Apple iPad: The Right Gadget For The Wrong Consumer
With input from JP Gownder, Mark Mulligan, James McQuivey, and Charlie Golvin
Hello world…I’m back from maternity leave and taking on a new coverage area for Forrester: I’m expanding from covering eReaders to covering all consumer PCs. This makes a lot of sense given the evolving nature of the PC, and the convergence of eReaders with other devices like tablets and netbooks. My colleagues, James McQuivey and Nick Thomas, will be picking up more of Forrester’s coverage of media and content strategy, while I focus on the hardware and software. It’s particularly appropriate that this change coincides with the launch of the Apple iPad—a device that, more than any other to date, blurs the line between device categories.
So in the interest of getting right back to business, here’s our call:
Apple will sell 3 million iPads in 2010. For context, twice as many E Ink eReaders will sell this year.
Walt Mossberg loves the iPad and says it’s nearly a laptop killer. So why are we so conservative with our numbers?
Because the iPad is the right device for the wrong consumer.
We think there’s a fundamental disconnect between the design of the device and the profile of the customer who would most benefit from using it.
- The iPad’s curated computing experience is perfect for the casual PC user. Mossberg notes that for 80% of his computing, the iPad replaced the need for a laptop. For casual PC users, the iPad is all they need: Its simple, apps-centric OS supports easy Web browsing, email, productivity through iWork, and other straightforward operations like reading or watching videos. The early adopter technophiles can’t wait to get their hands on an iPad, but the consumer who could really benefit from this device is your less tech-savvy mother-in-law.
- But the hardware assumes that these consumers live in the cloud—and they don’t. Why are there so few holes (literally) in the iPad? There’s a 30-pin dock connector port, similar to the iPhone and the iPod, plus a headphone jack. So there are two options for getting stuff onto and out of this device: 1) through the 30-pin port via dongles that convert to USB or other input/output; or 2) wirelessly through Wi-Fi or, for subscribers, 3G. The first scenario may work for “Applings” (Apple + lemmings, and credit goes to James McQuivey for coining that phrase) who go along with whatever Apple dictates (“If it’s not there, I must not need it!”) but it’s not ideal for the casual PC user, who doesn’t want to buy special docks and dongles to input photos from her camera or to print something (on actual paper). The second scenario assumes that consumers will seamlessly upload and download content from the cloud. This is a pretty futuristic assumption, and it’s not clear that mainstream consumers are ready for this. Does your mother-in-law store her data in the cloud?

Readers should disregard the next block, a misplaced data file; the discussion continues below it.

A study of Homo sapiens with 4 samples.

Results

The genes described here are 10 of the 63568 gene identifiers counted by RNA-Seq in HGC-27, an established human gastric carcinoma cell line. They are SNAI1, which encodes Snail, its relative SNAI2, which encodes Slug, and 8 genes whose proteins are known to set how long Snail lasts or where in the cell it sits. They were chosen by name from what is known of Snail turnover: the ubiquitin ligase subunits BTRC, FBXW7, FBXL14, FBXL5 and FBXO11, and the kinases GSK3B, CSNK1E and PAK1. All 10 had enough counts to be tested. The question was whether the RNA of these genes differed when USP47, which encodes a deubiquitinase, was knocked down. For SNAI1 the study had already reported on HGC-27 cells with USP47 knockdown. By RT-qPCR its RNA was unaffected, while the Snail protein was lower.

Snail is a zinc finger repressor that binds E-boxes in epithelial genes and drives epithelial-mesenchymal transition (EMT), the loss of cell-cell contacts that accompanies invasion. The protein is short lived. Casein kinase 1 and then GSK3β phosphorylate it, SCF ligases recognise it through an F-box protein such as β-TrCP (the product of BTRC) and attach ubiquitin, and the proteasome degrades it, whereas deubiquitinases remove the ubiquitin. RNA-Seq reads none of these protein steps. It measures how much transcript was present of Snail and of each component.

But, this is Apple. And if anyone can market a less-than-perfect product as “magical” and “revolutionary,” it’s Apple. They have proven with the iPhone that they are very, very good at showing consumers what to do with a new device. And that’s where Apple’s competitors fall short. Dell, for example, sells a $299 netbook with a built-in TV tuner, and VGA out for connecting to TVs—which is much more “revolutionary” in terms of product features than the iPad, but because it’s Dell, they don’t sell it as a magical product. Apple, too, owns its own retail channel, and the function of the Apple Store and its gurus will be to provide that hands-on teaching experience that Mossberg says consumers will require to really understand the device.
The bottom line: To sell this device to more than just Apple acolytes, Apple will need to teach consumers not just a new way of using this particular device, but an entirely new way of computing. Apple will need to teach consumers to be less dependent on peripherals and more dependent on the cloud. To crave experiences that are less open-ended and more curated. At the same time, Apple will teach consumers to expect more from computing—more visual pleasure, more touch.
The iPad’s cultural impact will far surpass the number of units it sells. It may be only 3 million people that buy the iPad this year, but the number that will reimagine how they use devices will be far greater. And that will be the lasting impact of the iPad. In three years, we’ll look back and marvel not at how many units Apple sold, but at the way Apple changed computing. The iPad may not have GPS (at least in the WiFi-only version), but it’s a road map for where computing is going: Curated, cloud-based experiences that are visual and tactile.